Going Solo

Soon after Channel 3 named Romona Robinson the lone anchor of its weeknight newscasts, we talked to the beloved broadcaster about what the move means for her, the station’s viewers and the future of the city’s TV news landscape.
Lynne Thompson
Romona Robinson had known for weeks that her co-anchor, Tim White, would be leaving Channel 3 when his contract expired. But there was a twist to the NBC affiliate’s December personnel shuffle that surprised her: She was going to be the sole anchor of the station’s nightly newscasts at 6 and 11 p.m.

Sure, she had started her career by replacing a lone male anchor at KRCG in Jefferson City, Mo., and she’d done the news alone while co-anchors had been on vacation. But when the Channel 3 cameras focused on Robinson the evening of Dec. 15, 2008, she became the first woman to solo-anchor a weeknight newscast in Cleveland since the legendary Dorothy Fuldheim hosted a news-and-commentary show in the ’50s.

Just hours before Robinson stepped into her new role, we talked to her about working with Tim White for the better part of the past decade, the changing face of TV news and her biggest concern about sitting behind the desk alone.

 What was your reaction when you learned you were going to be the lone anchor?
It was bittersweet. I was still losing my partner of almost nine years. Tim and I worked closely together. I mean, after nine years, you either love someone or you don’t. Some anchors have to pretend that they like each other. I’m fortunate I’ve worked with two really wonderful anchors — Jack Marschall at [WUAB Channel] 43 for almost nine years and then Tim White for almost nine years.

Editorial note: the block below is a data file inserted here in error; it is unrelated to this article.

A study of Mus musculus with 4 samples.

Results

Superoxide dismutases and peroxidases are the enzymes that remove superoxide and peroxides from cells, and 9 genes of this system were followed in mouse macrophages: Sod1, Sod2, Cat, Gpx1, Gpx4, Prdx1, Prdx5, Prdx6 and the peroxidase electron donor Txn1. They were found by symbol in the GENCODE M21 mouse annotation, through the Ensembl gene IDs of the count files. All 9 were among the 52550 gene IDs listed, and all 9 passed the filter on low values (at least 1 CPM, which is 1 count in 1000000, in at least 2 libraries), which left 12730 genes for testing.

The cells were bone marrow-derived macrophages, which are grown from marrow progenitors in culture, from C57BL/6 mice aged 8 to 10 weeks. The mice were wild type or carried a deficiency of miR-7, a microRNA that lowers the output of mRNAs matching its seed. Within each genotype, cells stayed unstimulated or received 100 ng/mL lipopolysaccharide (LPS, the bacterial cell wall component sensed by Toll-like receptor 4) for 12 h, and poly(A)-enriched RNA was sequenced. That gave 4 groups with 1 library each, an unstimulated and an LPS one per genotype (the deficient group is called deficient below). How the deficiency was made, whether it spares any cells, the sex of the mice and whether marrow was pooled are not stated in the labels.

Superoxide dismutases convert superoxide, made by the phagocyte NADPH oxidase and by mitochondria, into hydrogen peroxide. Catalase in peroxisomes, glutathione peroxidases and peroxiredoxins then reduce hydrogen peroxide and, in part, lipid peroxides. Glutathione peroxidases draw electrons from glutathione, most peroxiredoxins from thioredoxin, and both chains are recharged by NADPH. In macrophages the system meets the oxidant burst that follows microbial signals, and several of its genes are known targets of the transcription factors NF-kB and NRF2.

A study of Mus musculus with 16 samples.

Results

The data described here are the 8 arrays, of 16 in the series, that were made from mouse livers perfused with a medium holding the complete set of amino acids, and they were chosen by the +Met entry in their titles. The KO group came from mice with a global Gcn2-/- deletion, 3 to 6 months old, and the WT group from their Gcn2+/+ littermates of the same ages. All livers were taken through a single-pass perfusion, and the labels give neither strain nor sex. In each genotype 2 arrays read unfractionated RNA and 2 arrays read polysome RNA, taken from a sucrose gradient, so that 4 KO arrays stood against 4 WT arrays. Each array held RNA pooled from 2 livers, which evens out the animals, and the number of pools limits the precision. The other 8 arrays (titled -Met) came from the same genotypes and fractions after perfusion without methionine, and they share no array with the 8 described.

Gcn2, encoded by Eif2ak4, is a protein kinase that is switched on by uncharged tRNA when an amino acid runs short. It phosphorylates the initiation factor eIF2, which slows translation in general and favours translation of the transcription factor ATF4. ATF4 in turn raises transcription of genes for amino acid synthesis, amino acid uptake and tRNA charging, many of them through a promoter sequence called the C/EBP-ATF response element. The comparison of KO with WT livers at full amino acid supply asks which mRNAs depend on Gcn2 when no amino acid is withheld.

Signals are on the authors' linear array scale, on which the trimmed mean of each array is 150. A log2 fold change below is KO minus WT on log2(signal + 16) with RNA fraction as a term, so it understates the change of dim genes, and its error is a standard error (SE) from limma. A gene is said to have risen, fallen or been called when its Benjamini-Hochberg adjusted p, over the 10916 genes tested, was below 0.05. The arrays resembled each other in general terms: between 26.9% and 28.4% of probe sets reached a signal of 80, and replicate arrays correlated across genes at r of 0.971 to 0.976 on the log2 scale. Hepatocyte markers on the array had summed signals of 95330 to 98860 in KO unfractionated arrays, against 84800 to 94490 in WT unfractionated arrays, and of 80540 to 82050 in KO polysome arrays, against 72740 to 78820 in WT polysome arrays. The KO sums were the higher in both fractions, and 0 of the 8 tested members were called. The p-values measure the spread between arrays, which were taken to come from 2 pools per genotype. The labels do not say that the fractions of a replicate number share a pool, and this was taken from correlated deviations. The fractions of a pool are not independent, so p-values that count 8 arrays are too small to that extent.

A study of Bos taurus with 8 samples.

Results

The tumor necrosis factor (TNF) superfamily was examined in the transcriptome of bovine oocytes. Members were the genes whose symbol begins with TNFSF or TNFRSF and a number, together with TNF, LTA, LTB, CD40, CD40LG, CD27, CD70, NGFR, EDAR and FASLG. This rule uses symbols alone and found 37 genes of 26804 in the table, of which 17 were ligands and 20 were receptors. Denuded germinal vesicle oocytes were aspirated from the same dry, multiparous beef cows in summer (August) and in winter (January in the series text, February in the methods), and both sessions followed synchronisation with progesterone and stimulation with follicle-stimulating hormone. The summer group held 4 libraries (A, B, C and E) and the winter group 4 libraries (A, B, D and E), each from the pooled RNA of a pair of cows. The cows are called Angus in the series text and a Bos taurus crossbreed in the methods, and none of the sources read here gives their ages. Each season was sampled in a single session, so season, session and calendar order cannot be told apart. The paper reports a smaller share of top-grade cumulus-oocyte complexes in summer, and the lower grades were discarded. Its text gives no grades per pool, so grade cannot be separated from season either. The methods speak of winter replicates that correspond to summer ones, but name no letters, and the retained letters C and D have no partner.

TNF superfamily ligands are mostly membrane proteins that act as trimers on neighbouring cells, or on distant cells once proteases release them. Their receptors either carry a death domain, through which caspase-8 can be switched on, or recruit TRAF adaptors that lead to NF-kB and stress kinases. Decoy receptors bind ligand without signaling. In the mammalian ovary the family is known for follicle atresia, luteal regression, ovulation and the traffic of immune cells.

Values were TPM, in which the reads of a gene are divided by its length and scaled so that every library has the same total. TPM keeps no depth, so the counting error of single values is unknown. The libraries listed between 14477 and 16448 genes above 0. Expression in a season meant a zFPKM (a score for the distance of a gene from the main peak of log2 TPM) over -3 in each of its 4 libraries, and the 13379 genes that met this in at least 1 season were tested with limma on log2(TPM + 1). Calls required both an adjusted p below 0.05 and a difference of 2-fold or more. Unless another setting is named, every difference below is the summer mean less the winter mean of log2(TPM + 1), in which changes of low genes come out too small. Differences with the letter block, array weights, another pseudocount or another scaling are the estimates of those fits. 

Who did you think would be chosen to replace Tim?
Tim and I joked about who my partner might be. We figured it would be somebody that I’d have to break in, so to speak, all over again. I had heard rumors that there was someone they were bringing in from Dallas. I had heard that they were looking at people [in Cleveland]. I thought maybe it could be someone [at the station].

Did you have to break in Tim?
Well, yeah. [Laughs.] Men think they rule the roost, and then you have to help them. You know, I’m married. And the key to a happy marriage is to make themthink that they’re in charge!

How will Channel 3’s nightly news change now?
We’re probably going to showcase our reporters more. We’ll have a chance to go more in-depth on the big stories.

 How will all this affect your workday?
Because we’re showcasing the reporters, they’re going to take up a lot of that [on-air] time, so there won’t be a whole lot more for me to do as far as the newscast. ... What’s really important to me is my community involvement. I don’t want to lose that. I can’t say, “I’m doing my ‘Romona’s Kids’ [segment]. That’s all right. Tim’s back there. He’ll handle the teases, he’ll handle the news breaks, he’ll attend the editorial meeting.” I’ve got to be there.

Do you think some viewers may be turned off by the fact that there’s not a man sitting beside you?
If there are, I haven’t received any e-mails or phone calls from them. I can’t worry about those people.

 If your newscast does well, do you think other local anchors will end up sitting alone, especially in this economy?
I had one of my competitors say to me, “Congratulations — I think.” It’s a new time.